Thursday, 5 June 2008

Salt Island Bothy, Strangford Lough

I haven't been to Salt Island for many years. The last time I stayed there was twenty summers ago, when we created an elevated grass terrace at the front of the Bothy; saplings were also planted behind the Bothy. About ten years ago we enjoyed the occasional picnic there, travelling on our boat from Strangford. The weather was always fine and sunny, the tide was high - it was idyllic.

Salt Island must be forty or fifty acres in size. It is owned by the National Trust. The Bothy is the only building on the island and it is on the eastern side. There is a modest stone jetty near the Bothy and you walk through a little field to reach it. Killyleagh is the closest village to the island.

The Bothy itself was vandalized and has only recently been renovated; it will be ready for habitation next month. In fact, we plan to visit it on 28th June in preparation for its re-opening. I'm looking forward to seeing the island again after so many years; seeing the trees we planted such a long time ago.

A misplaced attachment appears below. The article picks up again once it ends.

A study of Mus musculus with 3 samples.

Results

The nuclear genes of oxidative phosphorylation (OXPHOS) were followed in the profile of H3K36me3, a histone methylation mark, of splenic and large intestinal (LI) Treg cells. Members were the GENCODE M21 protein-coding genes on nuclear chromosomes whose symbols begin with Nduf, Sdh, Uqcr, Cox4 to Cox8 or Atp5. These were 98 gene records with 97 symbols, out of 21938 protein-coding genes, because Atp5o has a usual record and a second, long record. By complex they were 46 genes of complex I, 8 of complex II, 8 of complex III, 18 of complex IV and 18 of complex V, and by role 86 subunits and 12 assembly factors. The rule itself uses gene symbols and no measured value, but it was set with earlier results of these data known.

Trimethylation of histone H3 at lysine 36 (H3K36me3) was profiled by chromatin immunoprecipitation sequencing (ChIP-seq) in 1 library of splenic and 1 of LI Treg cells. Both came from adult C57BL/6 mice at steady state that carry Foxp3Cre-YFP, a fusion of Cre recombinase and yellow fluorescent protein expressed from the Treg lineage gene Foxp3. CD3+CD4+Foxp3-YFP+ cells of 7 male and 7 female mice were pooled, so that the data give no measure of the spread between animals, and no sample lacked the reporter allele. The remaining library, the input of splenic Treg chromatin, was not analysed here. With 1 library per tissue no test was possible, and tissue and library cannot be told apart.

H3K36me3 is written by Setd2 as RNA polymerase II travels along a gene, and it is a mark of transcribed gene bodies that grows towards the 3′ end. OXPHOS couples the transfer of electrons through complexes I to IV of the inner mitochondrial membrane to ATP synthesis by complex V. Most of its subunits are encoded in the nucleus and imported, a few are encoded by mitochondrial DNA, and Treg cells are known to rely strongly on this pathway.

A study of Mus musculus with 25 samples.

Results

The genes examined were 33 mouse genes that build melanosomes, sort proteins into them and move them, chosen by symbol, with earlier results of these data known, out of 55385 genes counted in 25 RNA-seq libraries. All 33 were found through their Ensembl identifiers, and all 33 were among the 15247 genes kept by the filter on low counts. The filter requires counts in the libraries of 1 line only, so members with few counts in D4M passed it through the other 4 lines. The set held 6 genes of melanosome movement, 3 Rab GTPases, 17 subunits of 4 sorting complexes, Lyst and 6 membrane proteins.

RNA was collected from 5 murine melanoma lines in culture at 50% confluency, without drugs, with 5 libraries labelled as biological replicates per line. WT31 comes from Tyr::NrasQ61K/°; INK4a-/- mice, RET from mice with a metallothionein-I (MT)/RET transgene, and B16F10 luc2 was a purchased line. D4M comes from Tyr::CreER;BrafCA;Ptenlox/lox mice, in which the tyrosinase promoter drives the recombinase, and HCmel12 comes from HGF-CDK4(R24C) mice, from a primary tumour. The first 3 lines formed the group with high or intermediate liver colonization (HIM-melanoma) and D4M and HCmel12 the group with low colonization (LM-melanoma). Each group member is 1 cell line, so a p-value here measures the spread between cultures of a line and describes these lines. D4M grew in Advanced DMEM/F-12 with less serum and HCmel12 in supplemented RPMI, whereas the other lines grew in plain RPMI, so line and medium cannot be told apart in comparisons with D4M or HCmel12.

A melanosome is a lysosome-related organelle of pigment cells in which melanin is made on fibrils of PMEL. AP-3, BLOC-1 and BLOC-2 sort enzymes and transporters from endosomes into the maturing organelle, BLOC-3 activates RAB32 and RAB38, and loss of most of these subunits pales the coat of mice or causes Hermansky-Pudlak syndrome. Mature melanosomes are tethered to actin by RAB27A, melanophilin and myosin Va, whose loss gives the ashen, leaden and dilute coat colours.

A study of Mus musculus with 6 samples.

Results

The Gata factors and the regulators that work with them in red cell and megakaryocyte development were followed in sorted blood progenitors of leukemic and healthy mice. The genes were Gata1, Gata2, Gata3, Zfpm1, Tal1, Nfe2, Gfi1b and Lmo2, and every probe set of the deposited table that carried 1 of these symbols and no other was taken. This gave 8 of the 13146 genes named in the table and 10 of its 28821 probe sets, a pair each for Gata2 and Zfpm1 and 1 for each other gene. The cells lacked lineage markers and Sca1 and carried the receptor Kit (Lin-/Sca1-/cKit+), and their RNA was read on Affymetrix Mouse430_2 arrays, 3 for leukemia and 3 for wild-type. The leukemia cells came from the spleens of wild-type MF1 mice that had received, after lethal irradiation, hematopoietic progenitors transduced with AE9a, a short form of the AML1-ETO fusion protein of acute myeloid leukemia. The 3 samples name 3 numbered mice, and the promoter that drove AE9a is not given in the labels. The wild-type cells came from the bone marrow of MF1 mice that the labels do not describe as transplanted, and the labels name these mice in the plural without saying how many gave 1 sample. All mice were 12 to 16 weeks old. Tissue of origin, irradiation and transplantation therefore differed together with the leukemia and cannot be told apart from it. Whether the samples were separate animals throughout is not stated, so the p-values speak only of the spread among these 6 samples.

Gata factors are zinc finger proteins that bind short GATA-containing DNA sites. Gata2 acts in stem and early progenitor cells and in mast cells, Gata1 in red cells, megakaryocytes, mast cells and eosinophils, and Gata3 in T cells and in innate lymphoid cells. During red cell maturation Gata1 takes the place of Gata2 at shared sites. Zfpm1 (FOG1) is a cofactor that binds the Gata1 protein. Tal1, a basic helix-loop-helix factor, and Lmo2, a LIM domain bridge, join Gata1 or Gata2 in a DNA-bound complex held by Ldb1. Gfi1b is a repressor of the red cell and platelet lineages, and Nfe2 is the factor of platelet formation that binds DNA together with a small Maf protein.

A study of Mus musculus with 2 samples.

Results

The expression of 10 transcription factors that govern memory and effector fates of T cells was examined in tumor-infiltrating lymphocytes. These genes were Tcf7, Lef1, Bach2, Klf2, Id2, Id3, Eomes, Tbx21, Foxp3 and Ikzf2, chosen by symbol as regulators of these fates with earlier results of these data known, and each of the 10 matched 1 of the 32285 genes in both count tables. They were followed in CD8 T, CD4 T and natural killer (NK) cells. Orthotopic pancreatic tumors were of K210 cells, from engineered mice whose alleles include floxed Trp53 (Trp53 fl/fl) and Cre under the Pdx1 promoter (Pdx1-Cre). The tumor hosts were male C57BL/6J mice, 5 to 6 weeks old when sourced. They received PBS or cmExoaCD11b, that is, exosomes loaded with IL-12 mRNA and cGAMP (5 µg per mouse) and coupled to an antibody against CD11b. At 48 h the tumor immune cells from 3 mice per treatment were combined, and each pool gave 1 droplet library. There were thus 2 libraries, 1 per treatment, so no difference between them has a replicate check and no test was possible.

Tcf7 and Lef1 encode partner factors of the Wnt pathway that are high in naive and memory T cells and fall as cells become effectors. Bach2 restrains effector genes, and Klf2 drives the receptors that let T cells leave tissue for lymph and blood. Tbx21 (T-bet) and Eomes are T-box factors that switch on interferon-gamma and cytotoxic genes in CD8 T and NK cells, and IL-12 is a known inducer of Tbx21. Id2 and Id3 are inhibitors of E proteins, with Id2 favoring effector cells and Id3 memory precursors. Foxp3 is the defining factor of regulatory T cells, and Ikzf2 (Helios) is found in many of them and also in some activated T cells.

The Bothy is modest in size, clad in vernacular stone and rectangular with a sloping roof. It is well built, the first layer being breeze-block; then polystyrene insulation; and finally thick stone. It had a supply of bottled gas and running water. It also had toilet facilities, a drying-area, an open-plan kitchen and dining area; and a living space with an open fire and wooden platforms for sitting and sleeping on. We also had cooking utensils. I expect it will remain much the same as this now. There's a picture of it above.

I've stayed on the island with other NT Volunteers on three occasions, for two nights at a time.